Identifying your book's audience photo: the word audience on a dry erase board with arrows pointing to it.

Play 2 Games to Jumpstart Your Creativity

Something’s wrong and I don’t know what to do.

So many of last week’s conversations with students, colleagues, and even mentors started this way. Most were followed by stories about not wanting to write or feeling like everything they’d written was total crap. Things outside their writing lives weren’t much better. Projects languished. Old feelings of the shit, this again? variety crept in. Life felt pretty sludgy.

Sound familiar?

Guest what? I felt it too.

By Thursday, I realized it wasn’t me—or you.

Sometimes, the world is in a galactic funk, and all we can do is have faith that our writing will flow again.

But getting past the slump is just the first hurdle. Then, you have to rebuild your momentum.

The easiest way to jumpstart your creativity is through play.

When you play, you throw out the rules, let go of your goals, and do something just for fun.
Non-structured play rife with novelty—or new ways of looking at things—is often the kind of play you need.
Here are two ways to use novelty and play to revamp your writing life.

Jumpstart Your Creativity with The Writers Toolbox

Young Adult/Fantasy author Amelie Corner introduced me to this game during the James River Writers Springboard! Retreat. 

The Toolbox, which costs around $25, includes an instruction manual, deck of cards, spinners, and popsicle sticks with prompts designed to help you stave off writer’s block by guiding you through the most common story problems.

In one game, you choose a First Line stick, write for a few minutes, then randomly choose a Non Sequitur stick, which is designed to “get your story or poem moving through time and space.” After more writing, you choose a Last Straw stick, which helps you build an arc.

Totally fun, right?

After completing this exercise, you can use the sixth sense cards to infuse your writing with more sensory details.

Use the spinners to play the Protagonist’s Game, which creator Jamie Cat Callan says, “is great for writers who struggle with plot.”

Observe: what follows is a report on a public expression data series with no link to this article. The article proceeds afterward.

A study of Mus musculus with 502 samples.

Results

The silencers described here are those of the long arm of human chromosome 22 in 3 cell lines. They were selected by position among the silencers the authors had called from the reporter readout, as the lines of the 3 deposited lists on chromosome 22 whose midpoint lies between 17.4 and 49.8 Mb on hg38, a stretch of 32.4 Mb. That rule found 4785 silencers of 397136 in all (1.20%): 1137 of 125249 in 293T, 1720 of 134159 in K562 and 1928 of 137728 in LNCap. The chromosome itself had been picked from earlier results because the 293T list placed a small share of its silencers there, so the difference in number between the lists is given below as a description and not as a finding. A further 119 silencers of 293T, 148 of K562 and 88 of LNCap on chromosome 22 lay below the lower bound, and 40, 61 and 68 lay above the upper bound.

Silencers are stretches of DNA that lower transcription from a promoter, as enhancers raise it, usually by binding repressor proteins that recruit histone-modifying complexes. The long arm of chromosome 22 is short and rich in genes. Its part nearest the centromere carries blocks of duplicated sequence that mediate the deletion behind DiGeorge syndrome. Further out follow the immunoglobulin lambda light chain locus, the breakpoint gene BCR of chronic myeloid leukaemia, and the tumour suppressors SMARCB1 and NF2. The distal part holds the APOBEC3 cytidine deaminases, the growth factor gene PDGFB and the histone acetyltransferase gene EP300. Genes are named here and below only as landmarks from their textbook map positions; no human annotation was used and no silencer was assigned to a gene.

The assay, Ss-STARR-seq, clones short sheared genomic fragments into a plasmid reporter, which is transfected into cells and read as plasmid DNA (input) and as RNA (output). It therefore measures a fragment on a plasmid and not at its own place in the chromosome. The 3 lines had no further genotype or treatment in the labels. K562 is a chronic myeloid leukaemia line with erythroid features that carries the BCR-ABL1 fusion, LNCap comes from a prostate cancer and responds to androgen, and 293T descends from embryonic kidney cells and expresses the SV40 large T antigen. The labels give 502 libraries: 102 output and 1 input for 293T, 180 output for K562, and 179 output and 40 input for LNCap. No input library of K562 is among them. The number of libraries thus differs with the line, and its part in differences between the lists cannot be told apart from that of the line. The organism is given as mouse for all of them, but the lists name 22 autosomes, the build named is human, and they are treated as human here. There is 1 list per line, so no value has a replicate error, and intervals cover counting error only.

You’ll find detailed instructions and additional information on how stories are built inside the Toolbox’s instruction manual.

I found this to be pure genius in a 21st century world that often dismisses non-tech entry points for our stories. I know first hand that staring at a screen won’t solve most story problems. You need to activate other parts of your brain—something touch helps you do.

Amelie introduced me to this game after working through a low-tech exercise I designed called the Perpetual Prompt Generator.
I created this customizable game for writers who saw general prompts as a distraction from their primary projects.

Jumpstart Your Creativity with The Perpetual Prompt Generator Game

Here’s how to play:

  • Step One: Create three columns on a sheet of paper. At the top of the first column, write one of the following: scenes to be written, topics to write about, or story ideas. At the top of the second column, write one of the following: important objects, types of conflict, or settings. At the top of the third column, write emotions.
  • Step Two: Set a timer for three minutes and jot down a list of items for column one. Repeat this exercise for columns two and three. If you get stuck on types of emotions, you can find a comprehensive list by clicking here.
  • Step Three: Gather three sets of different colored notecards (for example, yellow, pink, and blue) then deal out three stacks of ten.
  • Step Four: Star ten items from each column. For the emotions, make sure you have a balance of dark and light emotions.
  • Step Five: Place one starred item from column one on each of the ten cards from your first colored stack. Repeat this process for columns two and three.
  • Step Six: Shuffle the cards and place them face down on a table.
  • Step Seven: Draw one card from each color.
  • Step Eight: Set a timer for twenty minutes, then write something that incorporates all three cards.

Over the years, writers have told me this seemingly random game has revitalized stuck or flagging projects by helping them see their work in a new way.